Amateur historian paves way for POW/MIA Accounting Command mission to Micronesia
YOKOTA AIR BASE, Japan — Patrick Ranfranz has spent nearly 20 years and $100,000 searching for the World War II bomber that was carrying his uncle when it was shot down over the Pacific Ocean 67 years ago.
The plane and its 10-man crew were shot down by the Japanese off the coast of Yap, a tiny island in the western Pacific Ocean between Guam and the Philippines. Driven by his family connection, Ranfranz began researching the ill-fated B-24 Coleman Crew as an anthropology major in college in the 1980s.
“It’s was a family mystery that turned into a passion,” said the 45-year-old marketing executive who lives in Wisconsin.
He’s made five trips to Yap since 2005, but to no avail.
However, his decades-long pursuit has gotten a boost from the U.S. military: The Joint POW/MIA Accounting Command traveled to Yap for the first time earlier this month.
Commonly known as JPAC, the Hawaii-based joint command travels to different parts of Asia and Europe each year as part of an ongoing mission to repatriate 78,000 U.S. troops who died fighting overseas in World War II. The command is also responsible for finding another 10,000 U.S. troops who died fighting in Korea, Vietnam and other conflicts abroad but whose bodies were never brought home.
The JPAC team will spend a month on Yap building upon some of the field work and historical accounting provided by Ranfranz, which includes information on a dozen other U.S. crash sites and aircraft he has located over the years in pursuit of his uncle’s plane.
“I’m extremely proud of that,” said Ranfranz, who last year helped Yap tourism officials turn a jungle-covered U.S. Hellcat fighter plane into a World War II memorial.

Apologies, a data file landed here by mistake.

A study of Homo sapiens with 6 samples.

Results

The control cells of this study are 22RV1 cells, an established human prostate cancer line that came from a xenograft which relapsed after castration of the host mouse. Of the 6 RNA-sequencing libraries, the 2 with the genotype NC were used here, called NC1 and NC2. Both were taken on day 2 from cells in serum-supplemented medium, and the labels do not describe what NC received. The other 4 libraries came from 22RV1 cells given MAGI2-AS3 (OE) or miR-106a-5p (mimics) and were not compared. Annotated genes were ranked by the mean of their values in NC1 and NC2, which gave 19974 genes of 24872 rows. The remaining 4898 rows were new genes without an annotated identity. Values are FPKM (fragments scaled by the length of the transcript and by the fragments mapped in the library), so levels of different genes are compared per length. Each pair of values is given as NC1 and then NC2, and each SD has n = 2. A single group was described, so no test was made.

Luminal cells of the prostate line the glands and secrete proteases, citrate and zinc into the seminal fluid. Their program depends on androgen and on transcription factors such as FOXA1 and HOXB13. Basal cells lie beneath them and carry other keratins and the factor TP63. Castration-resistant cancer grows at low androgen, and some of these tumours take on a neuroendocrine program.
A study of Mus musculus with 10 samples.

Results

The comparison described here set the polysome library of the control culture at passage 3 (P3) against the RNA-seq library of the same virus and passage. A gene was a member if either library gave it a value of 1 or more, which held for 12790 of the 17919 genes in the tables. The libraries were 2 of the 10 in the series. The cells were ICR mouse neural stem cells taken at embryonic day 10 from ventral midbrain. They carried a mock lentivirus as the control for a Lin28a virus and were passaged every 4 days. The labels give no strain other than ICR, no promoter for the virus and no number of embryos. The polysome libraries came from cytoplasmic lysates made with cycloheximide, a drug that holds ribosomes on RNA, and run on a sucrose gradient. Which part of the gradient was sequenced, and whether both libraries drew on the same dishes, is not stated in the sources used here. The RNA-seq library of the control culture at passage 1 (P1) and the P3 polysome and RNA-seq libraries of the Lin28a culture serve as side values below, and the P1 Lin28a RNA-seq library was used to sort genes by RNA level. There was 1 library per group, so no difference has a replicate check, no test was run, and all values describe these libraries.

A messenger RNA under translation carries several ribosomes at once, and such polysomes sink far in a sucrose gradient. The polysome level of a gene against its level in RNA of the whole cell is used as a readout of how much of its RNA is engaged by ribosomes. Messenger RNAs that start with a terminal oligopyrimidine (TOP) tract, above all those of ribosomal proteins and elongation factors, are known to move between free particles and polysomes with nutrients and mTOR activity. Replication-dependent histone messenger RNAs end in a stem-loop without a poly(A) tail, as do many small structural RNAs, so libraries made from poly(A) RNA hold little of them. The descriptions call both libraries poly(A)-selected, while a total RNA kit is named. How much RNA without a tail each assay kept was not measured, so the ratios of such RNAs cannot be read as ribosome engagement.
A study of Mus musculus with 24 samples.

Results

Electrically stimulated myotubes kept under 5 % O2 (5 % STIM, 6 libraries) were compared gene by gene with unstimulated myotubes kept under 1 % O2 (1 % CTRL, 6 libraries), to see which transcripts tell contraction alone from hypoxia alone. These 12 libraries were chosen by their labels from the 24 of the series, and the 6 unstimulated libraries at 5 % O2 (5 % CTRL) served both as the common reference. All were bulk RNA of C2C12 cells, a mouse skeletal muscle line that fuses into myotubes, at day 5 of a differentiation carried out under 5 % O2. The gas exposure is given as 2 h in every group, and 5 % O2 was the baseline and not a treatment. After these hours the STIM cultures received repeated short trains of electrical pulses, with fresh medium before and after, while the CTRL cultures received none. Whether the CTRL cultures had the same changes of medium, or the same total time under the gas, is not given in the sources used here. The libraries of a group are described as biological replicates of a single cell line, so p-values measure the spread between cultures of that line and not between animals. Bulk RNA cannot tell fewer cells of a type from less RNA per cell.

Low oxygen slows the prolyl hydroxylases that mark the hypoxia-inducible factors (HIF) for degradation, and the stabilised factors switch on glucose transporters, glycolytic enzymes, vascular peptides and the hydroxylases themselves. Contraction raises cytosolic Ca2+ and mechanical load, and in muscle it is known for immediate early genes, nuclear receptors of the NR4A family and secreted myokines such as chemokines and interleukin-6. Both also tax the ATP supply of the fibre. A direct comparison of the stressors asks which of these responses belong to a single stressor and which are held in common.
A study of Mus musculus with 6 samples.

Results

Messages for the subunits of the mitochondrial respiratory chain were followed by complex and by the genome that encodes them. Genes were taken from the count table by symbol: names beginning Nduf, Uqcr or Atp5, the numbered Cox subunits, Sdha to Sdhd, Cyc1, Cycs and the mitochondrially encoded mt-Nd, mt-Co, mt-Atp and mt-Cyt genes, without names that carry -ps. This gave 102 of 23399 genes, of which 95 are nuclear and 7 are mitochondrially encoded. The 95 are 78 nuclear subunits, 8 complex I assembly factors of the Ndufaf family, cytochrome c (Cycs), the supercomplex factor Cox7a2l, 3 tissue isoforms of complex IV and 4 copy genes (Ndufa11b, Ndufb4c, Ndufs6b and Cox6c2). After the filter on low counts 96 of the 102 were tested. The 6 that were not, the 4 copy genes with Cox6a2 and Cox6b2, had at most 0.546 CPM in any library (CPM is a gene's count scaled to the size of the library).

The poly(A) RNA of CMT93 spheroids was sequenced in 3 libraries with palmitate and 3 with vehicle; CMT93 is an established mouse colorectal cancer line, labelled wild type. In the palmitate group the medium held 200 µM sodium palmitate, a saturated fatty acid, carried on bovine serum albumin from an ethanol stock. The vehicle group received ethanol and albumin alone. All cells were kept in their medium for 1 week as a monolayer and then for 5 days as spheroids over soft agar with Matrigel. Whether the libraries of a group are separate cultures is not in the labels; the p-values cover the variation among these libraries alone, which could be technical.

“The end-all has always been for JPAC to come and do a recovery mission (on Yap),” said Ranfranz. “They excavate, we’ve just focused on locating.”
JPAC researchers — a mix of active-duty military and civilian personnel — will interview locals and map out potential dig sites for future missions to the island, according to a JPAC press release. After that comes the painstaking process of identifying any remains that are found through DNA analysis, which could take years.
Still, Ranfranz is hopeful the missing B-24 crew which has eluded, and fascinated, him for so long will finally be found.
“We’ve gotten so close,” said Ranfranz, who last year enlisted researchers from the prestigious Woods Hole Oceanographic Institution to help him on Yap.
While Ranfranz’s work has proved instrumental in JPAC’s mission to Yap, command spokeswoman Michelle Thomas said working with private “wreck hunters” can be tricky.
The command maintains a policy of “neither encouraging nor discouraging” amateur historians like Ranfranz, she said.
“If we encourage them too much, we could jeopardize the existing sites,” she said.
But Mark Noah, founder of the nonprofit History Flight, disagrees. He is trying to establish a way organizations like his can work more closely with JPAC.
“The idea is to help augment the public sector with private sector money and increase the level of discovery and identifications,” said Noah, a Miami-based commercial pilot and World War II buff.
History Flight helped Ranfranz on Yap, and since 2003 has provided assistance and direct funding totaling $425,000 for private expeditions aimed at recovering World War II-era troops, Noah said.
Of the 78,000 servicemembers still missing from the war, only about 28,000 are recoverable, according to JPAC estimates. Averaging about 70 identifications per year, it would take JPAC the next four centuries to recover all the remains.
“Our job is not to be obstructionists,” Noah said. “But we’ve got to increase the capability for this to get done.”